Pro Tennis Scandal: Are Players Being Paid to Fix Matches?
Recently, BuzzFeed News and the BBC revealed their investigation into the world of professional tennis match-fixing by players in the upper echelons of the game. Over the past decade, tennis authorities possessed at least nine lists with more than 70 players suspected of fixing matches. BuzzFeed and BBC based their investigation on one of those leaked reports as well as 15 months of tennis betting data. The report was released just as the 2016 Australian Open kicked off its preliminary round, with claims including the following:
- There is a core group of 16 players — all title winners at Grand Slam tournaments — whose actions suspiciously and repeatedly raise red flags involving mysterious bets and fixed matches.
- Russia and Italy are among the countries with suspicious gambling syndicates betting on matches as large as Wimbledon and the French Open and possibly working with upper-level players to fix matches.
- Corrupt gamblers are approaching players in hotel rooms at major tournaments and offering $50,000 or more to fix games.
Who was involved?
BuzzFeed News and BBC did not name specific players as they lack the specific data, phone records, and text messages to incriminate suspected fixers. They need stronger connections between players and gambling syndicates. However, the investigation asserts that at least one top-50 player competing in the 2016 Australian Open is suspected of repeatedly fixing his first sets.
What prompted the investigation?
About seven years ago, tennis authorities received a report containing strong evidence for fixed matches involving 16 players. The original suspected players lost matches that involved hugely lopsided betting shifts, with four players losing nearly all of the suspected matches. BuzzFeed News cited those players’ chances of losing that badly at “less than 1 in 1,000.”
Despite strong evidence and a comprehensive report, none of those players faced strong repercussions, and more than half are competing in the Australian Open. “They could have got rid of a network of players that would have almost completely cleared the sport up,” said Mark Phillips, one of the investigators. “We gave them everything tied up with a nice pink bow on top and they took no action at all.”
Is there a resolution in sight?
A joint statement released by the Association of Tennis Professionals (ATP), Women’s Tennis Association (WTA), Australian Open, U.S. Open, and other tennis organizations denied overlooking the original allegations. It read: “The Tennis Integrity Unit and the tennis authorities absolutely reject any suggestion that evidence of match fixing has been suppressed for any reason. In its investigations the Tennis Integrity Unit has to find evidence as opposed to information, suspicion or hearsay.”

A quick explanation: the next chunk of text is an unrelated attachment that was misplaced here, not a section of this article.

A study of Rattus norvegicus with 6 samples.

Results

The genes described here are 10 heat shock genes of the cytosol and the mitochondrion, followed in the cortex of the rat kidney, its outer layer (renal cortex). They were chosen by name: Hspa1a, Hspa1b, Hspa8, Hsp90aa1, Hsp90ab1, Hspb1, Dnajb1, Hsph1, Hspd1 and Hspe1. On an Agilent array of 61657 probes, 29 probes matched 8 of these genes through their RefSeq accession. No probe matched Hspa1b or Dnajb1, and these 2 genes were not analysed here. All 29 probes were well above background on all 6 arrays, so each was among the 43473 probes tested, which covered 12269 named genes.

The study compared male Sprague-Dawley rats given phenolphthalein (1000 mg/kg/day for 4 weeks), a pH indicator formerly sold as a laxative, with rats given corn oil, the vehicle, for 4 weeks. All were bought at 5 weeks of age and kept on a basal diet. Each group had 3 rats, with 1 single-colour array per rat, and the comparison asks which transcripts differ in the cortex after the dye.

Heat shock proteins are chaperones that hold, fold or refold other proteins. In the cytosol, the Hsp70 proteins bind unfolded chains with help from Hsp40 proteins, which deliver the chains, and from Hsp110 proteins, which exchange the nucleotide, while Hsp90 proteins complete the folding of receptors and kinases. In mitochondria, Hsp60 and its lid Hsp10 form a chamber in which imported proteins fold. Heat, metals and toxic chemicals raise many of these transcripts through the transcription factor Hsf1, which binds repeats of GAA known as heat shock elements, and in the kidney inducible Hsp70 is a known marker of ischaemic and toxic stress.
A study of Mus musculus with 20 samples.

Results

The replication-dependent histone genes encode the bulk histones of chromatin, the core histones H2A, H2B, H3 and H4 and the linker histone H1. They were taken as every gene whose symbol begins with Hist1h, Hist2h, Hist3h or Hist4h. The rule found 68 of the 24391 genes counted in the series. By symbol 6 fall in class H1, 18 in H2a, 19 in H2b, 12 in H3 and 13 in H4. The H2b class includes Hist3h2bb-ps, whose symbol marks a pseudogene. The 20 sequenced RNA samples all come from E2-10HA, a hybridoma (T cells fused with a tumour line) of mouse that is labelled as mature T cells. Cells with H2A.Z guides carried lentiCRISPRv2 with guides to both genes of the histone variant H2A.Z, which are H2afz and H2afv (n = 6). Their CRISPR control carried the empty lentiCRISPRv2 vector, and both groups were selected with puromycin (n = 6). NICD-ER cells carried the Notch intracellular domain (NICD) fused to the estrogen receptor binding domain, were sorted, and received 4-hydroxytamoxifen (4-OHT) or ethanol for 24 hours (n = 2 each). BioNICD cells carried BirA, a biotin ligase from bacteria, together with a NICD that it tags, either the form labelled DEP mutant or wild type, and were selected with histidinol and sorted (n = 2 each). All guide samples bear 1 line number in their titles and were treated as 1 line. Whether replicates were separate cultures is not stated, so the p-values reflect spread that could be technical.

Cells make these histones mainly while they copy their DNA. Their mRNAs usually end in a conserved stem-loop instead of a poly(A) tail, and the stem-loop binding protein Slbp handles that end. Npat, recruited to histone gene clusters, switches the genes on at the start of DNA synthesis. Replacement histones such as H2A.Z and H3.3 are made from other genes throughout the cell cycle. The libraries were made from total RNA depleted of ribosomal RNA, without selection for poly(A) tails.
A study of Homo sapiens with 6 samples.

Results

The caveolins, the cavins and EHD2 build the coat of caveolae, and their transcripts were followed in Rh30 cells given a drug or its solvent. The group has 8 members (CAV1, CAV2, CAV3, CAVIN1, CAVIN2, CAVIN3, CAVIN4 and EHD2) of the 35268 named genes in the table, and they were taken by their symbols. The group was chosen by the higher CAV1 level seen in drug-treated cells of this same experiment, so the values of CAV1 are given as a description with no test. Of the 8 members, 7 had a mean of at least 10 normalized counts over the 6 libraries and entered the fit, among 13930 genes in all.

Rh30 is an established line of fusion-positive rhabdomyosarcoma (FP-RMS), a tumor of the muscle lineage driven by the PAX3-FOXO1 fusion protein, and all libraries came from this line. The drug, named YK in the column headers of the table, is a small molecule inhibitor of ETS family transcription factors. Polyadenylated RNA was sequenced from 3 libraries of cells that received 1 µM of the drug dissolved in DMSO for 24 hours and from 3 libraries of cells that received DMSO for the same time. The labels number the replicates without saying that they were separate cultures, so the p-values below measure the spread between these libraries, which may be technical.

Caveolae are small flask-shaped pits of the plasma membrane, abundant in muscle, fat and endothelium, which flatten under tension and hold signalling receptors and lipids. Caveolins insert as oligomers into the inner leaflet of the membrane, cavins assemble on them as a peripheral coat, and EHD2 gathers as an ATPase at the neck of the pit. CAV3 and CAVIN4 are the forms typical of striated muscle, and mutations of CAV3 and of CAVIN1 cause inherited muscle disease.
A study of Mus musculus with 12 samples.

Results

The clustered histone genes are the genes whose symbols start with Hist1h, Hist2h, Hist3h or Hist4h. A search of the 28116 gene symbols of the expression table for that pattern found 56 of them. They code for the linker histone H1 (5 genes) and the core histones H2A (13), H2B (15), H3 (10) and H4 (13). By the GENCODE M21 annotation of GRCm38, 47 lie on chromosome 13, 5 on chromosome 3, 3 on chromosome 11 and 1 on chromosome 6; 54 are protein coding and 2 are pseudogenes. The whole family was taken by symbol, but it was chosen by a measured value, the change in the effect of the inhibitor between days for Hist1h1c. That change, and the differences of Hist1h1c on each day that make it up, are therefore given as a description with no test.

The Tennis Integrity Unit (TIU) formed in September 2008 on the heels of the original investigation of the suspected fixers. As a joint initiative between the ATP, WTA, the Grand Slam Board, and the International Tennis Federation, TIU’s confidential investigations — they do not reveal findings to the public — have received criticism for lacking the accountability of a public report. BuzzFeed News and the BBC allege that “the 28 players implicated in the 2008 report were never given a second look. Since 2009, the Tennis Integrity Unit has been warned again about nine of them.”
Bookmakers, who tried to warn the TIU about suspicious matches, have allegedly received little response. However, tennis officials noted that the TIU has disciplined 13 lower-level male players and banned five for life. Although BuzzFeed News and the BBC lack the power to demand records that could incriminate guilty parties, the TIU is able to ask for that kind of data and information. Whether they have sufficiently done so is up for debate.
Chris Kermode, executive chairman of the ATP and Tennis Integrity Unit (TIU) board member, echoed the statement’s sentiments last night. “I can assure you that tennis is not treating this lightly. The idea that tennis is not acting appropriately is ludicrous … Tennis remains fully committed to meeting the challenge that all sports face from corrupt betting practices.”
How has the tennis world responded?
After beating Georgia’s Nikoloz Basilashvili and moving on to the second round of the Australian Open, Roger Federer acknowledged the potential scandal and expressed an interest in learning more:
I would love to hear names. Then at least it’s concrete stuff and you can actually debate about it. Was it the player? Was it the support team? Who was it? Was it before? Was it a doubles player, a singles player? Which Slam? It’s super serious and it’s super important to maintain the integrity of our sport. So how high up does it go? The higher it goes, the more surprised I would be.
Another headline-making moment occurred when world No. 1 Novak Djokovic — who just advanced to the second round of the Australian Open after a comfortable win over South Korea’s Hyeon Chung — mentioned his experience with match-fixing to the tune of $200,000. He told Kevin Mitchell of the Guardian:
I was approached through people that were working with me at that time. It made me feel terrible because I don’t want to be anyhow linked to this kind of — you know, somebody may call it an opportunity. For me, that’s an act of unsportsmanship, a crime in sport honestly. I don’t support it. I think there is no room for it in any sport, especially in tennis.
For now, 2016 holds a lot of potential for tennis fans. It could be the year of Djokovic’s 11th (and 12th and 13th and so on) Grand Slam title. It may mark the beginning of the end for an aging Federer. And it could be the year that match-fixing pushes world tennis leaders to acknowledge the sport’s shortcomings and make the necessary changes to better it indefinitely.